ROD Holder is breaking new ground in cyclist safety with what may be a world-first innovation.
The keen cyclist has been working for 12 months on his idea for a user-activated warning sign.
“The main complaint motorists have is when they’re coming over a hill or around a corner and a cyclist is right there, it shocks them,” Rod said.
The solar-powered warning signs are similar to those in place around school zones. Rather than running during set hours though, they are activated by a cyclist who hits the trigger as they ride past.
The warning lights can be set to flash for a set amount of time, depending on how long it takes the average cyclist to navigate that section.
Rod’s dream is for the signs to be placed in hazardous sections of road around the shire.
“Cootamundra is a cyclist-friendly town, I want to see what we can do to make it even more friendly and safe.”
Whilst he is hesitant to call it a world first, Rod has not come across any similar designs in his research or in conversations with other cyclists around the country.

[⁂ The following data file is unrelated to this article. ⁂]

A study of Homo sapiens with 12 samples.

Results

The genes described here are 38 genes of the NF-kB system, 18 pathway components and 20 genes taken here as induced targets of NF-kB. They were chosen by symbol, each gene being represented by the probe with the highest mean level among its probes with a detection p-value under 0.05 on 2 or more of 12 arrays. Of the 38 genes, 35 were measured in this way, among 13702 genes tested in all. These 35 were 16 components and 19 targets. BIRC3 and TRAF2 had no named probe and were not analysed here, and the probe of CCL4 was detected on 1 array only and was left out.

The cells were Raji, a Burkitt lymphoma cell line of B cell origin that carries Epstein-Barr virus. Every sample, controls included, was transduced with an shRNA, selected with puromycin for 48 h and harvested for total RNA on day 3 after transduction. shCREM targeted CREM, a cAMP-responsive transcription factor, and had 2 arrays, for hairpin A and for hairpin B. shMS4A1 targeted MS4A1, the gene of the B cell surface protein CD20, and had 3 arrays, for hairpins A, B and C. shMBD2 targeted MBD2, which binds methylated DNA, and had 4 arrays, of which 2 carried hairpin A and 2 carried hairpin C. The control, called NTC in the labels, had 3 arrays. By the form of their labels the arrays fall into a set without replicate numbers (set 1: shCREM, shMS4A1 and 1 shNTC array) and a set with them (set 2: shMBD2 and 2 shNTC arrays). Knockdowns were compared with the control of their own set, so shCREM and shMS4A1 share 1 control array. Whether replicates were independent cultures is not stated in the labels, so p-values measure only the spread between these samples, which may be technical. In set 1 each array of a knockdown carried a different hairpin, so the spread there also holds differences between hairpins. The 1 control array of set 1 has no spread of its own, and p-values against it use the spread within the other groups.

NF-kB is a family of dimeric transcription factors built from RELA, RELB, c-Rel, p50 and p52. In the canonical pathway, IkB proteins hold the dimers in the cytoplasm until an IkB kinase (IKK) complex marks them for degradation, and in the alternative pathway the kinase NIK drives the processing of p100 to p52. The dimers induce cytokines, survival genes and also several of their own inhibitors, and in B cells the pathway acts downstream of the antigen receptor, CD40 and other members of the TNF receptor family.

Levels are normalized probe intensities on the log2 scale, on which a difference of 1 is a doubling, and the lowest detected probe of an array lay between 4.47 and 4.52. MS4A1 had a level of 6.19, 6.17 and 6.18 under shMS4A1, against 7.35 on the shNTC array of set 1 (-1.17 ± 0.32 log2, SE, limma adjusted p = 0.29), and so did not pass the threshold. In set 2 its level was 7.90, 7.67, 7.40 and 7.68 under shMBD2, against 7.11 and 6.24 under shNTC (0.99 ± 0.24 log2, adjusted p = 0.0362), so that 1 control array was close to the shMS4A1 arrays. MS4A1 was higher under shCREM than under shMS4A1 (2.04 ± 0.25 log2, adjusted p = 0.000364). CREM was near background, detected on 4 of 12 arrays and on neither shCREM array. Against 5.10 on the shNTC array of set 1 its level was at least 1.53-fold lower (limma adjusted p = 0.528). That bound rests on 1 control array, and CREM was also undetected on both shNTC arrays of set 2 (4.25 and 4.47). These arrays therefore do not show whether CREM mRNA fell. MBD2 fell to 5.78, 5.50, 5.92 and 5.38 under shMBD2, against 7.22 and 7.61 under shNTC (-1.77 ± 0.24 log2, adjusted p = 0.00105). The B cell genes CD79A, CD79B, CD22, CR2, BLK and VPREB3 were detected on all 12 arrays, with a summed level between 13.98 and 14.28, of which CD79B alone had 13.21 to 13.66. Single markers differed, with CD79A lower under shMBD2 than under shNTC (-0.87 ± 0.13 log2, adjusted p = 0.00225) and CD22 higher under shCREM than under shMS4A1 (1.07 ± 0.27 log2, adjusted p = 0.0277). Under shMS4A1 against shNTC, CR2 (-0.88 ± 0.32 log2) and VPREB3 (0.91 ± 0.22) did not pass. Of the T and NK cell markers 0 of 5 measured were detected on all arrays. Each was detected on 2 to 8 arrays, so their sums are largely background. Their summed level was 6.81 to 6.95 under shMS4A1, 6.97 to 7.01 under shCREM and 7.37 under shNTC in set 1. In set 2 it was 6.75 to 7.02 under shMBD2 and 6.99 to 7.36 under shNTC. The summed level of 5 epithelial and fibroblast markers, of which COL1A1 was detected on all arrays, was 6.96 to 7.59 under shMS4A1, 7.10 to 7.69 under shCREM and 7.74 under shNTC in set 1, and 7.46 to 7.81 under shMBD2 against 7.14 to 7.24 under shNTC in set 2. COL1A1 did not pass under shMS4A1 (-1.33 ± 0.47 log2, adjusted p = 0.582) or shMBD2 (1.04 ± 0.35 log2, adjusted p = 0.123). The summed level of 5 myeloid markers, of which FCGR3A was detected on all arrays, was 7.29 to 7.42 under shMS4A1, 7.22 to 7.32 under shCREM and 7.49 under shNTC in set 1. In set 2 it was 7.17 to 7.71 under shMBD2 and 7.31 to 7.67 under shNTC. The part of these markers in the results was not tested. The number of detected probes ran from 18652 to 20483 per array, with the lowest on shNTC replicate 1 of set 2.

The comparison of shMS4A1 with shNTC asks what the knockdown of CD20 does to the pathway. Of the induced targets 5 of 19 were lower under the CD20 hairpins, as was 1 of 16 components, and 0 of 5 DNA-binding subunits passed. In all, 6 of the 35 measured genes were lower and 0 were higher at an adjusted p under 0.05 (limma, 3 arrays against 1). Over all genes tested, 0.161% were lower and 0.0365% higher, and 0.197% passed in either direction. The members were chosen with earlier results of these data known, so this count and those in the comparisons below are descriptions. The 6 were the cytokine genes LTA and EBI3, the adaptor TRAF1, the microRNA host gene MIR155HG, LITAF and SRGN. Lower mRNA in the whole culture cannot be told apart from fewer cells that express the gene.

The first signs have been set up on either end of Berthong Rd for a six-month trial period, thanks to the support of Cootamundra Shire Council (CSC).
CSC Engineering Services director Gary Arthur said the council was happy to support the local initiative.
“It sounds like a good idea. It may not be used everywhere, but it could be a good thing for hill areas and dangerous corners,” he said.
The council is now monitoring the signs to “see what happens” and decide whether the design has a place.
Cootamundra Cycle Club president Mark Loiterton agrees it is a “brilliant” proposal.
“I’m fully in agreement with the whole thing, it’s got to be a great idea from a safety perspective,” he said.
Berthong Rd was selected for the trial due to its popularity with local cyclists. The road is also heavily used by trucks during harvest.
The signs light up for 25 minutes after being turned on, and the timer resets if another cyclist hits the trigger.
Rod is now urging all local cyclists to use the signs so he can keep track of their usage and report back to council.
Rod estimates ten signs would be enough for shire roads.
He is currently in talks with Roads and Maritime Sevices regarding the possibility of signs on Gundagai Rd.